As we drove back from the airport, the sand hung above the road, and we drove through the stark sand coloured cutaways in the rock. My taxi driver communicated via Google Maps. It was a functional dialogue: I typed in the name of the hotel, and he drove me there. I kept looking at the yellow rockfaces that lined the road, hoping to find some archaeological clue that gave a sense of identity, but rock was all there was.

The buildings are faceless and gaunt. Whereas Dubai had felt like a crazy dream, a shambolic mix of icecream sundae and designer bling, Riyadh feels like a giant Amazon warehouse, but with people and cars rather than books and electronic devices. The malls are the same hard white or sand colour as the rocks along the roadside, and only the minarets of the mosques give variation to the skyline.

I quite like the place.  I asked my driver if  he was from the kingdom. He was a wizened small man with short grey hair and eyes that maybe were bright once. He shook his head. Pakistan. I asked, Karachi? He seemed quite happy that I had guessed that, but those were the only words we exchanged.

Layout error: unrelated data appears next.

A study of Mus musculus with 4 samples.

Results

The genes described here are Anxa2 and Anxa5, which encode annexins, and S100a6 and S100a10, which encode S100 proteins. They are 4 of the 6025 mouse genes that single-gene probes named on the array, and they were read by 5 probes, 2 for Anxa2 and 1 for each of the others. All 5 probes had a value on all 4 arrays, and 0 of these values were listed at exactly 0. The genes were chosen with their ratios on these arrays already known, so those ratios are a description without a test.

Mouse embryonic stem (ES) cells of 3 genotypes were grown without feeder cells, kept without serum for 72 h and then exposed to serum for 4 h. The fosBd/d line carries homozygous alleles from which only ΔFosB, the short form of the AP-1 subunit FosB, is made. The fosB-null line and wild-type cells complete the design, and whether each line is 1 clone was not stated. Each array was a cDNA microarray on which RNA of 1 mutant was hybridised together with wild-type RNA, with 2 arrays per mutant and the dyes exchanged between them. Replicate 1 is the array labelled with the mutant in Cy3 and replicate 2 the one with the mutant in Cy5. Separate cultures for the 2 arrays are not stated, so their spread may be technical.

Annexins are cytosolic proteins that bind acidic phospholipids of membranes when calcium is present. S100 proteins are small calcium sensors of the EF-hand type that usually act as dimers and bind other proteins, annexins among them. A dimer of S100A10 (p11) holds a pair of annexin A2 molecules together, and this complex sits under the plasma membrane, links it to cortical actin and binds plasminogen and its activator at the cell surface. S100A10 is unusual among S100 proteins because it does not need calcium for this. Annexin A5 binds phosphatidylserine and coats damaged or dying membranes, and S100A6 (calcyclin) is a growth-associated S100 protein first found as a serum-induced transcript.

The airport had been given a makeover, with a water fountain in the middle of the arrivals hall before passport control, and a water feature that made you want to dive in immiediately. Gallons and gallons of clean, clear water, and the air in the immigration hall felt cooler for it.

In the past, I have visited Riyadh with a hard-to-get business visa, usually requiring three weeks and a visit to collect from the country’s UK embassy. This is a plush building, but dark and grim inside, down from Green Park tube in London. Now, the kingdom is open for tourism, and I had been granted a one year multiple entry visa after a fairly simple online application.  Now, the immigration official was a small lady in a black abaya, whose eyes darted brief glances at my face, before quickly returning to the passport. I could hardly believe it when she waved me through.

My bag, which had been loaded on the plane in London, arrived without any hitch. There was no customs check. As I walked past the uniformed officers who were relaxed, casual, chatting together in a group, I briefly regretted not having stashed a bottle of wine in my suitcase.